Monday, November 7, 2016

300 posts and still going strong

- Kenny Lin, MD, MPH

Today's post is the 300th for the AFP Community Blog, which I began writing in August 2010. Fellow medical editor Jennifer Middleton, MD, MPH because our second regular contributor in April 2013. In recognition of this milestone, I thought I would revisit some earlier wayposts - namely, our 100th, 150th, 200th, and 250th posts - and provide updates.

#100 - The spiritual assessment: unnecessary or essential? (9/20/12)

While one reader opined that spiritual concerns have "little to do with improving the health of our patients," another countered, "I do not think this article goes far enough in promoting this type of spiritual health assessment." ... Some readers expressed concerns that physicians might seek to impose their religious beliefs on vulnerable patients, while another suggested that "many physicians seem to have more fear of [discussing] spiritual issues than the patients do."


The debate continues about how best to incorporate the spiritual assessment into clinical practice. Earlier this year, the National Cancer Institute's Physician Data Query (PDQ) database published a comprehensive review of spirituality in cancer care that included a list of standardized assessment measures and suggested options for assisting patients with spiritual concerns.

#150 - Preventing recurrent kidney stones (11/4/13)

Researchers examined 28 studies regarding prevention of recurrent nephrolithiasis ... and found that water works fine for preventing the second episode after an initial event. But after the second episode, water by itself didn't do as well. Participants with multiple stone episodes who added a thiazide diuretic, a citrate, or allopurinol to their 2 liters of water a day, though, had fewer recurrences.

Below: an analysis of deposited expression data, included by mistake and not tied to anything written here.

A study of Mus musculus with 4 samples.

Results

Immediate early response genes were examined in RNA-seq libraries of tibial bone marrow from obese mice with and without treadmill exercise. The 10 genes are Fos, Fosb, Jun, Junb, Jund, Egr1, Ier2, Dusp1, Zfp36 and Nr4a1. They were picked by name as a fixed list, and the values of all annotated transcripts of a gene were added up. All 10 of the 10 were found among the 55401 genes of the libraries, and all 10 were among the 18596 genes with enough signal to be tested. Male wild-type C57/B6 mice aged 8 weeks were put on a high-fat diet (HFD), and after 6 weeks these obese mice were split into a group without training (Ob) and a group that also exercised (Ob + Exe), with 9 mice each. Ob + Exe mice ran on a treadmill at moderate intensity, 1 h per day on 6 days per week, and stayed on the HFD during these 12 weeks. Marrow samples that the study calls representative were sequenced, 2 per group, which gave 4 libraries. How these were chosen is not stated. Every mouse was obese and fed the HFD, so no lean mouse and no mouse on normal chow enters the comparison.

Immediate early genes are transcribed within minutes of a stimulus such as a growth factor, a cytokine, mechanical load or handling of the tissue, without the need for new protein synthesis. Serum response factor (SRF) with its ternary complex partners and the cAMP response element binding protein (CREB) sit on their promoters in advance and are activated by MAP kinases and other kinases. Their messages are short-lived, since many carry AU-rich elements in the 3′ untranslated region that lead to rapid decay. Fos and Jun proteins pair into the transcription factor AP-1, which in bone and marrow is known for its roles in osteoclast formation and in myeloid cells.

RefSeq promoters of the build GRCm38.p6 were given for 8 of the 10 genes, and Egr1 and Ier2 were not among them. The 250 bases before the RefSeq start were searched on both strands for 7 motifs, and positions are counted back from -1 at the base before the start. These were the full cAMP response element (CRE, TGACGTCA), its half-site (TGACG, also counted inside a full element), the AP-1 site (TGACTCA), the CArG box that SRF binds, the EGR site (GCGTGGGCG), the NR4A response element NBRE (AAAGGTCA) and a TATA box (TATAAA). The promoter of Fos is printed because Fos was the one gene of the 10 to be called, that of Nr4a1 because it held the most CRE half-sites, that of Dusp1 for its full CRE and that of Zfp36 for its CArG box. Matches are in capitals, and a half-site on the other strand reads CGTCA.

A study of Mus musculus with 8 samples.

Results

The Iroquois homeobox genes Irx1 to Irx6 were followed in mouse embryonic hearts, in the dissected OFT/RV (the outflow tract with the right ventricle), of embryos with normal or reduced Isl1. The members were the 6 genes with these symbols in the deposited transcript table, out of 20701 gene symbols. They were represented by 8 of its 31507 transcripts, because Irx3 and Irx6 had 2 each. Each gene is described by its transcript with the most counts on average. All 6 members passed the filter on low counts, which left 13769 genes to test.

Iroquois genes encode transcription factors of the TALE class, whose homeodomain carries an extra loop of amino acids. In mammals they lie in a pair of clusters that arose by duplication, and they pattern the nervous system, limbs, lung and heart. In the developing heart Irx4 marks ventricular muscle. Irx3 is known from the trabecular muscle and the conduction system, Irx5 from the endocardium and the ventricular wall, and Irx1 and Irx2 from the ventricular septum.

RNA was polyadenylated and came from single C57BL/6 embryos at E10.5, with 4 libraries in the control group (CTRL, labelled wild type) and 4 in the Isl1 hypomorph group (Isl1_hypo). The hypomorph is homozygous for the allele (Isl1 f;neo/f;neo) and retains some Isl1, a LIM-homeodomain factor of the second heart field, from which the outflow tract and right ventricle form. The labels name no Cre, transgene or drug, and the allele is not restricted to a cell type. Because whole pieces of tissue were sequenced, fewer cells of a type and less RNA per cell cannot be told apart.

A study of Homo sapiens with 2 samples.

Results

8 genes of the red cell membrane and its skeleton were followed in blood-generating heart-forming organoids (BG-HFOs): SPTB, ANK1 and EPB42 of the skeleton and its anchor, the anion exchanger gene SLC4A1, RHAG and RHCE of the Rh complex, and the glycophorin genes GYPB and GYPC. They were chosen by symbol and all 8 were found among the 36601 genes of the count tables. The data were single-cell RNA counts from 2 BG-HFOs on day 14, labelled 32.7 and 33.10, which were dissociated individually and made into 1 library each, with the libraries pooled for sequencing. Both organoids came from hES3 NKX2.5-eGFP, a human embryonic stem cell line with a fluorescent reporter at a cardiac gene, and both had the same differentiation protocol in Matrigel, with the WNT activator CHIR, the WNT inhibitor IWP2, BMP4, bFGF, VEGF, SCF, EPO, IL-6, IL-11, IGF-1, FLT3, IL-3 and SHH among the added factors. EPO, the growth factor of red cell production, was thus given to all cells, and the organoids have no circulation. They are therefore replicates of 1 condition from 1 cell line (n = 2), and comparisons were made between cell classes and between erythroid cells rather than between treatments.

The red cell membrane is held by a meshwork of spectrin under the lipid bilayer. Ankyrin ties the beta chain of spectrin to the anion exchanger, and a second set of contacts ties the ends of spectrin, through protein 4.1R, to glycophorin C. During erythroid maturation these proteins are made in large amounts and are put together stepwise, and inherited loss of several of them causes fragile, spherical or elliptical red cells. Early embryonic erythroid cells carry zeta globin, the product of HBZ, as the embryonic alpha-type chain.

A related POEM in the January 15, 2015 issue of AFP discussed a randomized controlled trial that concluded that ultrasonography is the best initial imaging test for kidney stones in the emergency department (ED), reducing overall radiation exposure compared to initial computed tomography (CT) without differences in rates of return to the ED, pain scores, or complications.

#200 - Lung cancer screening (11/18/14)

Shared decision-making is increasingly recommended by screening guidelines, but I worry that these difficult discussions may not actually take place, even if family physicians are paid to initiate them with patients eligible for LDCT [low-dose computed tomography] screening. Will clinicians merely go through the motions and just order the test?

A 2016 study in a University of Minnesota–affiliated health system found that counseling and shared decision making were documented in less than half of outpatient visits for patients who underwent LDCT for lung cancer screening after publication of the USPSTF guidelines. Although we don't know if this experience is representative of national practice, it certainly isn't good news.

#250: SPRINT and lower systolic BP goals (11/23/15)

Aggressively adjusting medication doses based on what may be inaccurate office BP readings could potentially cause patients significant harm. Most of the time, the JNC 8 guidelines are likely to be more applicable to the patients in our offices than SPRINT's narrowly defined parameters.

No new hypertension guidelines have been issued since the publication of the SPRINT trial, but in August 2016, a majority of cardiologists at the European Society of Cardiology meeting gave a "thumbs down" to lowering blood pressure targets based on the trial's results. An article published in Circulation explained how the measurement technique used in SPRINT would have led to blood pressure readings 5-10 mm Hg lower than in clinical practice.